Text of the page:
During a recent visit to Veolia’s Trenton-based energy plant, we had a chance to learn more about a truly powerful asset in Trenton’s energy ecosystem. General Manager Perry Alburg and Plant Manager Hector DeJesus provided a brief overview and tour of the energy company earlier this month.
In Trenton, Veolia’s district energy network provides centrally-produced hot water and chilled water to approximately 35 customers in the central business district from one cogeneration facility and multiple chilled water facilities.
Located beneath the streets and bridges of Trenton is a network of district energy hot-water and chilled-water pipes delivering environmentally friendly thermal energy to some of New Jersey’s most critical buildings. Combining an underground network with the latest energy efficient technology enables Veolia to help reduce the region’s greenhouse gas emissions and minimize environmental impact. Veolia’s district energy networks serve the critical heating and cooling needs of 30 buildings in Trenton.
As the seat of government for New Jersey, downtown Trenton is home to critical facilities and infrastructure that provide essential services during an emergency. These facilities require reliable electrical and thermal utilities to avoid the loss of critical government functions and to respond adequately to a natural or man-made disaster.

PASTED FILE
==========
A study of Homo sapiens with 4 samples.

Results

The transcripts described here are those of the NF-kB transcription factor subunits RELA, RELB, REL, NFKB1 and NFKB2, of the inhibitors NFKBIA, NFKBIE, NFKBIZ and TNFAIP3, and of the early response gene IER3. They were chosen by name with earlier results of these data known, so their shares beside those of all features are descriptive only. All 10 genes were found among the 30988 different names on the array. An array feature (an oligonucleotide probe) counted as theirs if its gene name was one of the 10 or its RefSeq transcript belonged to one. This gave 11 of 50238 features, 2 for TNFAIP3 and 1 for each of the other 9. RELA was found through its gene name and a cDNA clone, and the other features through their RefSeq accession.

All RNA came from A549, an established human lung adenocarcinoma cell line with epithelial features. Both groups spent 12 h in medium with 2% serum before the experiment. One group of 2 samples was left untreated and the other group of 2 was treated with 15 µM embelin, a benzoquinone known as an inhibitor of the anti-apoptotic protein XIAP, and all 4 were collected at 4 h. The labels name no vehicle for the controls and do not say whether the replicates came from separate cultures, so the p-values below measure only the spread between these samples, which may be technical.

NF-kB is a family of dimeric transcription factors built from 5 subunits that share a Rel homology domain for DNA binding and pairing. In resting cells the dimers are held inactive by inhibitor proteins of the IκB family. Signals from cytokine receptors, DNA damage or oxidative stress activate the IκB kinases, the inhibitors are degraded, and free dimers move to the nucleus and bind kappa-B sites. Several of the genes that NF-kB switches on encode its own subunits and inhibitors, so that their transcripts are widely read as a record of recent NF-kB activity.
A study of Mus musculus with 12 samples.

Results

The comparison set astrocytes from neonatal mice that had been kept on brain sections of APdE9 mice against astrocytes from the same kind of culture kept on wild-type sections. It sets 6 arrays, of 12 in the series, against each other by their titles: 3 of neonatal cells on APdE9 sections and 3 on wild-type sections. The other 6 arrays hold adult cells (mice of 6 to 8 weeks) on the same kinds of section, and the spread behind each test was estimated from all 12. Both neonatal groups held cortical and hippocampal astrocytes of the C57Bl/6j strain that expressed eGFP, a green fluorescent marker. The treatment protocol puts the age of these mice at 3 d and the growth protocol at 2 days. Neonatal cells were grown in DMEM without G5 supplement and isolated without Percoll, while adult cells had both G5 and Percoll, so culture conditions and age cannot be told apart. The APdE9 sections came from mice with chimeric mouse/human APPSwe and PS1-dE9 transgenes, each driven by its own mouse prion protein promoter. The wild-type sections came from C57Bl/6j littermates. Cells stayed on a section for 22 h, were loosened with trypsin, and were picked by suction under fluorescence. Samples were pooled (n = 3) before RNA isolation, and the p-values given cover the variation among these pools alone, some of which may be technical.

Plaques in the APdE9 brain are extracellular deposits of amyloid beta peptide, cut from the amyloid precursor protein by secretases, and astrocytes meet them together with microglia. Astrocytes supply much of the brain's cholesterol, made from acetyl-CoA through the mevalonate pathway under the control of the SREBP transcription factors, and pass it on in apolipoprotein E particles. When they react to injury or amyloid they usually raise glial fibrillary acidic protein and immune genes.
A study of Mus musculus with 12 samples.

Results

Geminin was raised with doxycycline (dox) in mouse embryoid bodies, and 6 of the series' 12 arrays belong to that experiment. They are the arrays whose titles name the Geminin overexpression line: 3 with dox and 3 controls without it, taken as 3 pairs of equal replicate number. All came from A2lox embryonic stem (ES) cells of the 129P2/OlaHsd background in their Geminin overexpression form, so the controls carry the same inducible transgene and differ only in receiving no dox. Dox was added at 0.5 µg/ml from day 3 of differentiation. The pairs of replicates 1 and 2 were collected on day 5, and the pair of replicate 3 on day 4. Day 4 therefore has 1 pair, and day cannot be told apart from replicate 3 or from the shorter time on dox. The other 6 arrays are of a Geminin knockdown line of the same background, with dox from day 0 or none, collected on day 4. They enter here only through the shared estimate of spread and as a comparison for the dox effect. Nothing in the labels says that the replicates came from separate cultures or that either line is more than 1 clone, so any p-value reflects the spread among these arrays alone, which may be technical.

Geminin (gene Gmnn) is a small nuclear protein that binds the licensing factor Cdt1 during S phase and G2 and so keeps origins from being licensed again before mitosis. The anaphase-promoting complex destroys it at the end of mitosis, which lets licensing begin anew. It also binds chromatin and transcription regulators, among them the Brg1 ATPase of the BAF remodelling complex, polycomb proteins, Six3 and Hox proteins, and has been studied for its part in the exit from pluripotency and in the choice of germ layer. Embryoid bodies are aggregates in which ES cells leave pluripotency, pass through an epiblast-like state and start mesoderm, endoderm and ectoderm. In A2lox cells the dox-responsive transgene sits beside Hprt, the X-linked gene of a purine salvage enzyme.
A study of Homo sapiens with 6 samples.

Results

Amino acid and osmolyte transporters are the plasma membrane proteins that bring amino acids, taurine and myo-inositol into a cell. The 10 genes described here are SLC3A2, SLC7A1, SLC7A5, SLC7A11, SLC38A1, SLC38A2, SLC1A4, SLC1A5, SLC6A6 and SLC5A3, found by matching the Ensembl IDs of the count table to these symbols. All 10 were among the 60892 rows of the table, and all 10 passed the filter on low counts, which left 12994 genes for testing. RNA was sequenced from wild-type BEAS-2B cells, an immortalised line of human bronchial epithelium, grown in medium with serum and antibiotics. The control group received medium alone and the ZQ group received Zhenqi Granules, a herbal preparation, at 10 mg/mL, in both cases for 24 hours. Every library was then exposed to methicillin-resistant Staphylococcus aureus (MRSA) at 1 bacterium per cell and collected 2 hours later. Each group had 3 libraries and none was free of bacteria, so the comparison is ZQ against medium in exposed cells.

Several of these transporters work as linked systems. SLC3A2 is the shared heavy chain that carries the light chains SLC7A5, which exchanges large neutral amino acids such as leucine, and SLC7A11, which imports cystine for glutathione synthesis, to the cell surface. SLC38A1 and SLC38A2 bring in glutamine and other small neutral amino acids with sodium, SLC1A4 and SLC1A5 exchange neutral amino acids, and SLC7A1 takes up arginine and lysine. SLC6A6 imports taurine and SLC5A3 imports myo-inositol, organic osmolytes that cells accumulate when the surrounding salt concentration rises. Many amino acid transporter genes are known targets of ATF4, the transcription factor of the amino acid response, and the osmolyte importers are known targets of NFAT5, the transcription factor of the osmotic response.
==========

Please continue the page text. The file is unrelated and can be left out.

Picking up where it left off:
“Having access to a district energy system is a tremendous benefit,” said Alburg. “Avoiding the need to purchase a boiler or chiller not only reduces upfront capital expenditures, but it also frees up square footage to achieve maximum utility while offsetting maintenance costs.”
Veolia group is the global leader in optimized resource management. With nearly 169,000 employees worldwide, the Group designs and provides water, waste and energy management solutions that contribute to the sustainable development of communities and industries. Through its three complementary business activities, Veolia helps to develop access to resources, preserve available resources and to replenish them.
In 2017, the Veolia group supplied 96 million people with drinking water and 62 million people with wastewater service, produced nearly 55 million megawatt hours of energy and converted 47 million metric tons of waste into new materials and energy.